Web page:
Weddings!

Weddings here are major affairs, and an interesting mix of Western, African, and religious traditions. So far, every wedding I’ve been invited to has taken place in a church, with a reception following at a home. The weddings themselves aren’t much different from American ones–a church service plus extra marriage stuff (in my experience, South Africans experiment much less with weddings than Americans). But the reception is done very differently.

The most in-your-face difference is that most wedding receptions are actually 2 in 1 affairs. There is a “private” reception, which isn’t much different from an American reception–speakers, a tent, food, dress up, etc. But there’s also a “public” reception, where anyone can walk in off the street. Often, these two events occur simultaneously.

The public wedding can easily attract hundreds of people. It’s not uncommon for a whole village to turn up at a wedding. And the tradition is that all the guests must be fed, which can be a serious undertaking. Luckily, our friends pap (corn meal) and meat are here to save us!

Pap is dirt cheap. But where does the meat come from?

WARNING–PICTURE OF SLAUGHTERED ANIMAL (I’m sure my South African readers are confused…why would you ever have to warn someone about a slaughtered animal picture? Why would such a picture be interesting enough to share? Because we don't ever see this in America, and some Americans have trouble with the fact that meat comes from a living thing that is killed and cut to pieces…some of us live so far removed from our food sources that we don’t fully grasp the process of how food gets to the store).

Every wedding has a slaughtered cow. Payments from the groom's family to the bride's family (called lobola where I live), are still very much a requirement for a wedding, and one of the reasons many South African couples marry in middle age, when they’ve already settled down and had kids (often, the couple will save up together to pay lobola to the bride's family). Traditionally, lobola is paid in cows. Nowadays, the price of a cow is agreed upon and then a number a cows is negotiated to arrive at a cash total. Either way, the bride’s family is responsible for providing a cow to feed everyone at the wedding.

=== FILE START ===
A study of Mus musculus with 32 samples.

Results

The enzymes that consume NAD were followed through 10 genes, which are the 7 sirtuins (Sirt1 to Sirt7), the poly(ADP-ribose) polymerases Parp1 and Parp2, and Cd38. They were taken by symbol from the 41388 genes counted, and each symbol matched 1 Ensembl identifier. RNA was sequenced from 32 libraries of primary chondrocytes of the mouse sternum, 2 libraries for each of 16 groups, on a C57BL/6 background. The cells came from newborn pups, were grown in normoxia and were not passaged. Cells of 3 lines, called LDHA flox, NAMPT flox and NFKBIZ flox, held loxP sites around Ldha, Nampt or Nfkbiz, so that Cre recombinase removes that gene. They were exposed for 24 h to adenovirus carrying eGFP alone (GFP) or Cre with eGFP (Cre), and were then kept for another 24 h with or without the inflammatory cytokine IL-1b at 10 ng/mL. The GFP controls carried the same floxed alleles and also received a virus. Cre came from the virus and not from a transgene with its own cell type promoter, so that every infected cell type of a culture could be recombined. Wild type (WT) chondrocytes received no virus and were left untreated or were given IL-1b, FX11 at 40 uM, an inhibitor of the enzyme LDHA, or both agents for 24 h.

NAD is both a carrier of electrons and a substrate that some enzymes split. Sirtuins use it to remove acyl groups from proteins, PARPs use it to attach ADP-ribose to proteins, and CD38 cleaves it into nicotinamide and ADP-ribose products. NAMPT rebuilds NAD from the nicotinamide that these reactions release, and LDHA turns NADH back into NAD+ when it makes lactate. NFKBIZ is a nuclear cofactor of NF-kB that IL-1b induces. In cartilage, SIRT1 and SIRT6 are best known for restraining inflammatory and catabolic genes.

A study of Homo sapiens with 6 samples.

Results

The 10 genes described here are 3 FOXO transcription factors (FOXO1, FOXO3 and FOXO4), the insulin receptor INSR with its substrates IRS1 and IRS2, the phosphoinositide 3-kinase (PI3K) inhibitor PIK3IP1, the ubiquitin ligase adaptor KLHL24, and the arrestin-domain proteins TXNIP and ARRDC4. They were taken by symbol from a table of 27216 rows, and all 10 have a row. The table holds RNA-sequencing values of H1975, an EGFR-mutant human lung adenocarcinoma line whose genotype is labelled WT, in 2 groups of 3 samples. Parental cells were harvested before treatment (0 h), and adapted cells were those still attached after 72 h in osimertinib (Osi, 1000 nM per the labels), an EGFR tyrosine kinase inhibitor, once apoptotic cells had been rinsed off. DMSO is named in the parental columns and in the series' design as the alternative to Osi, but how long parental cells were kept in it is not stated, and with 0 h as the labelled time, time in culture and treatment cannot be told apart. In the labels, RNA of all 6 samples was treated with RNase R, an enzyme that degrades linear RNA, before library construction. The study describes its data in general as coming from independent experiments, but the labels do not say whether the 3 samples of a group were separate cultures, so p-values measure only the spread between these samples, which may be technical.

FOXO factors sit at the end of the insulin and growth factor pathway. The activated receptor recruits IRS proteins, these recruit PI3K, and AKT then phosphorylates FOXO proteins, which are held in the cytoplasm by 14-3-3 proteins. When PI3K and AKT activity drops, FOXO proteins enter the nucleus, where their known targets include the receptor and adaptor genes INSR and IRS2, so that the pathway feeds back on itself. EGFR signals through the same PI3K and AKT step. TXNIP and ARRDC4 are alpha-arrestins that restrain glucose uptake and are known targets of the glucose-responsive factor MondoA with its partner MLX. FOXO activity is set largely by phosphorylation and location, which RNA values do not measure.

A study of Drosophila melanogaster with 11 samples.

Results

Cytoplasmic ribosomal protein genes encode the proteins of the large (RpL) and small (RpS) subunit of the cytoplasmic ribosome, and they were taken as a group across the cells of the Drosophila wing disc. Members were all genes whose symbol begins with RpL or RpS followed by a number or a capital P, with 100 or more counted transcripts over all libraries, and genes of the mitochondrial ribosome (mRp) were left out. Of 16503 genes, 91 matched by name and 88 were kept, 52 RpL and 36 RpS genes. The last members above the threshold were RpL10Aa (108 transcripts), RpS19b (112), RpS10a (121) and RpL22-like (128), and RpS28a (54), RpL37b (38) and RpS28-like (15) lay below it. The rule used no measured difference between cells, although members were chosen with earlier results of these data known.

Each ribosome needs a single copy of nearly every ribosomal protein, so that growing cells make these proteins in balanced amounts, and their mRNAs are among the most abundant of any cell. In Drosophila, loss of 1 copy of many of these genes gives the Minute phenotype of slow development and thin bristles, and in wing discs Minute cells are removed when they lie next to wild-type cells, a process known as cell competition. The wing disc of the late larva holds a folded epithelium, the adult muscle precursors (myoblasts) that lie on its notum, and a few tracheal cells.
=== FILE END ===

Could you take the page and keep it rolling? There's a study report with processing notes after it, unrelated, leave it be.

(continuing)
But what are we going to drink?

Tasty umqombothi! Umqombothi is something like South African moonshine. It’s sorghum based, not very strong, and tastes a bit like old bread. Traditionally, it’s brewed in a big pot and imbibed from a gourd.

One of the issues with an open invitation is that lots of people show up, and the partying can get out of hand:

Once the public reception is in full-swing, the wedding party shows up. At this particular wedding, they danced into the private reception tent, not an uncommon practice:

The tent:

And from there, it proceeds not unlike an American reception. Speeches, food, dancing, etc., but more so…there’s often a hired MC (this one had a minor TV star), programs, performances, and the whole thing can go on for hours. There was one particular speaker I found very interesting, simply because it is not something we’d usually see in America:

On the back of that beret is the logo of the ANC, the dominant South African political party. I’m told it is not unusual for a representative from the ANC to attend and speak at almost every wedding.

For those of you in New Providence, the greatest hometown in New Jersey, that would be like Al Morgan showing up at every wedding. How cool would that be? I think this is a tradition we need get on IMMEDIATELY.